Yesterday, my extern mate and I attended an event sponsored by the Council on Food, Agricultural, and Resource Economics (C-FARE) in partnership with the Agricultural and Applied Economics Association (AAEA) titled Tackling the Challenges of Innovative Trade and Maintaining Robust Markets, Capitalizing on Big Data, and Advancing Consumer Health Symposium. The morning opened with discussions about trade. Their economic models indicated that free trade and investment foster billions of dollars in US export profits every year, over a third of which are from agriculture or agriculture-derived profits. Additionally, free trade allows a diversity of agricultural goods to enter the US to give us a diverse and nutritious diet as well as workers to supply our farm labor shortage, particularly that of dairy farms.
Talks then transformed to agricultural technology and big data farming. Not only does adapting new technology allow farms to be cleaner, more humane, more efficient, more productive, and more resilient, but integration of innovations also promotes data collection. Much of the technology on farms nowadays has the ability to collect individual farm data that when synthesized with other farms’ data and processed through various models can give economists and scientists a better idea of the needs and inefficiencies of modern farming. This allows all of us to benefit as the government, industries, and other nations can target technologies and policies to reflect these data. Additionally, science such as genetic modification allows farms to have a smaller carbon footprint and to be more productive; however, use of technology is ultimately dependent on educating farmers and consumers on its value.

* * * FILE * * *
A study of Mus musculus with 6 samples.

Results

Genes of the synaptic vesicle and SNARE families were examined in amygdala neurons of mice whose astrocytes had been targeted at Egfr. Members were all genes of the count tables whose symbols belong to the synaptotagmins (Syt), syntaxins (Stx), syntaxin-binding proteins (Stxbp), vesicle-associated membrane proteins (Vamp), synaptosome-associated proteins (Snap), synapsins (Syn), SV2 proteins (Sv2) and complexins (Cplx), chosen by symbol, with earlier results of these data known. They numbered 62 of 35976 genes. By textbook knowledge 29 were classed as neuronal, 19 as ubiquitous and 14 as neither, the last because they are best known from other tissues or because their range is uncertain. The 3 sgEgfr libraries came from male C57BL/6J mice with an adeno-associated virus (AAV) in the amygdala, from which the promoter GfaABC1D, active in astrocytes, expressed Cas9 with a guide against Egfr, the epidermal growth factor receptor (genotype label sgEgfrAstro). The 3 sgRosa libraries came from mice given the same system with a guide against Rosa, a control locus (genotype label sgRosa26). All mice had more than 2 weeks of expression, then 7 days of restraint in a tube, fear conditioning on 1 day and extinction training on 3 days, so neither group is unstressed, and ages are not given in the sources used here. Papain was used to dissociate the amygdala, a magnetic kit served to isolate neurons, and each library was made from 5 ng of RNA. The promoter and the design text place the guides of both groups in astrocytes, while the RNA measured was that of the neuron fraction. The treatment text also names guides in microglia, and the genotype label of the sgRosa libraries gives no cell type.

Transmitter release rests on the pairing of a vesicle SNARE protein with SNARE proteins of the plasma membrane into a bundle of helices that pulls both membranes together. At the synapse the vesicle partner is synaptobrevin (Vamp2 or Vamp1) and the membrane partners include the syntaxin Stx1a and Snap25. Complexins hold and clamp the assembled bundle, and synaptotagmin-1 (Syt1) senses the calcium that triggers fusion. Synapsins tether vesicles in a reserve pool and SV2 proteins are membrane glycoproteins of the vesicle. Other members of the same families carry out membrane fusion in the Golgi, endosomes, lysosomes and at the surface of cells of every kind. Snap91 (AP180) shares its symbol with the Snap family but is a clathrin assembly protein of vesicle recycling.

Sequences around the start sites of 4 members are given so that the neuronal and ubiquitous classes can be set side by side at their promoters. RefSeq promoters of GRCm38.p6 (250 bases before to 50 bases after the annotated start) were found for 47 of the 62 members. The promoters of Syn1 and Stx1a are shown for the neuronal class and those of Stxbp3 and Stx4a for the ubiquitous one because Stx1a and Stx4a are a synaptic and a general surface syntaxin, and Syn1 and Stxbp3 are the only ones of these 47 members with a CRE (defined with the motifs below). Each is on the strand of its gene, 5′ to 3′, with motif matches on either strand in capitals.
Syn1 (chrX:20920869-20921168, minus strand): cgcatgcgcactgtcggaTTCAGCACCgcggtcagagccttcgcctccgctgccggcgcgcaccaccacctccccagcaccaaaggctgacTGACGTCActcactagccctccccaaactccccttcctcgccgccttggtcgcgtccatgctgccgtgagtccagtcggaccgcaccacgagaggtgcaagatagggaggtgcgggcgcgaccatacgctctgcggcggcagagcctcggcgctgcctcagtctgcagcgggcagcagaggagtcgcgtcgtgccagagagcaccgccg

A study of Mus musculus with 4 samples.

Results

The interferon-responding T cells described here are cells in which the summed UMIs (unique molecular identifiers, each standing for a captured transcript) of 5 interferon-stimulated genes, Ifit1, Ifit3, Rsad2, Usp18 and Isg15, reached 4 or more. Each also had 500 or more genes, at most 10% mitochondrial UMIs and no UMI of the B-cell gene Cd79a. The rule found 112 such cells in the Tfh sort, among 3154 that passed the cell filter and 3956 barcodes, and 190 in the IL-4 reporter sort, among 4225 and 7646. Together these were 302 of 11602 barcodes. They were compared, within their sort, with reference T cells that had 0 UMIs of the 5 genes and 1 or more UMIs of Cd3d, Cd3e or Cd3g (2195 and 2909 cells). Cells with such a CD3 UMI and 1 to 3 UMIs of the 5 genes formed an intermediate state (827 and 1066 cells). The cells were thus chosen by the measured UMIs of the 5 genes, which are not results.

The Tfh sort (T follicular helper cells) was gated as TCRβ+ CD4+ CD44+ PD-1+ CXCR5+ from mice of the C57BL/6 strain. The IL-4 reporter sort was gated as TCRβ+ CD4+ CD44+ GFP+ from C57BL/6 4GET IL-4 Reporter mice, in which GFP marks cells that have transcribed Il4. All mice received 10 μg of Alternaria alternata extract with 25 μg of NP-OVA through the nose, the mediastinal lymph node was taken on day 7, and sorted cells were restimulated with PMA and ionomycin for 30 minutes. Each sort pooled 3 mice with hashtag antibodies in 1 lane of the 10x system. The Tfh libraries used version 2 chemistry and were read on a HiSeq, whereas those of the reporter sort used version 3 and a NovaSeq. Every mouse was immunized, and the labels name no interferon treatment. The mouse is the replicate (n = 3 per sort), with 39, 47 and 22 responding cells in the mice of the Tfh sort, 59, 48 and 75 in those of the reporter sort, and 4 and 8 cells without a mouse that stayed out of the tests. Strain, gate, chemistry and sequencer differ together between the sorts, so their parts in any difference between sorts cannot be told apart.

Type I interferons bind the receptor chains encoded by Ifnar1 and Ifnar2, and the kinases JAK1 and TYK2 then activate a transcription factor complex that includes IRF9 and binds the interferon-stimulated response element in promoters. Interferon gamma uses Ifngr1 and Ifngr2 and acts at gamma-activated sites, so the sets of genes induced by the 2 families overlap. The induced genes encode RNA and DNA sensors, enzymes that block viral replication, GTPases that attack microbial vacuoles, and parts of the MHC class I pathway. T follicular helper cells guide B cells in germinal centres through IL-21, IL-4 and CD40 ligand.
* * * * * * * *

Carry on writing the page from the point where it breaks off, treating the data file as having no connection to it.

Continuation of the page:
So we come back to voting with your fork. All of these technologies and models are just theoreticals until you show businesses that you want them through consumer demand. Trade does not happen between countries but between the firms that are situated within them; these firms need to have a financial incentive to import goods into the US. When you buy your coffee or limes, almost all of which are imported, you are voting with your fork and vocalizing you want these foreign goods. When you go to the grocery store and choose to buy your organic or conventional production, you are voting with your fork. And with the financial privilege to vote in this arena, your vote becomes reflected in the less food secure; goods like organic foods become symbolically better because the wealthy can afford them for their kids whether they are truly healthier or not. So, I implore you to do some research the next time you reach for something in the grocery store. Consider where your food is from or whether choosing organic is actually the right choice for this particular product. Consider whether you want to pass on meat or if it is better to support farmers that raise their animals in a way you condone. It’s important to understand that many alternative facts or social myths are out there concerning food. Organic does not always mean more sustainable, healthier, or humane. Antibiotic-free or outdoor production systems does not always mean more sustainable, healthier or humane. Base your choices in scientific facts, and serve as an example to those who are less privileged and do not have the education and financial background to have access to this research.
If you would like to learn more about the goals or speakers associated with the symposium, please follow this link.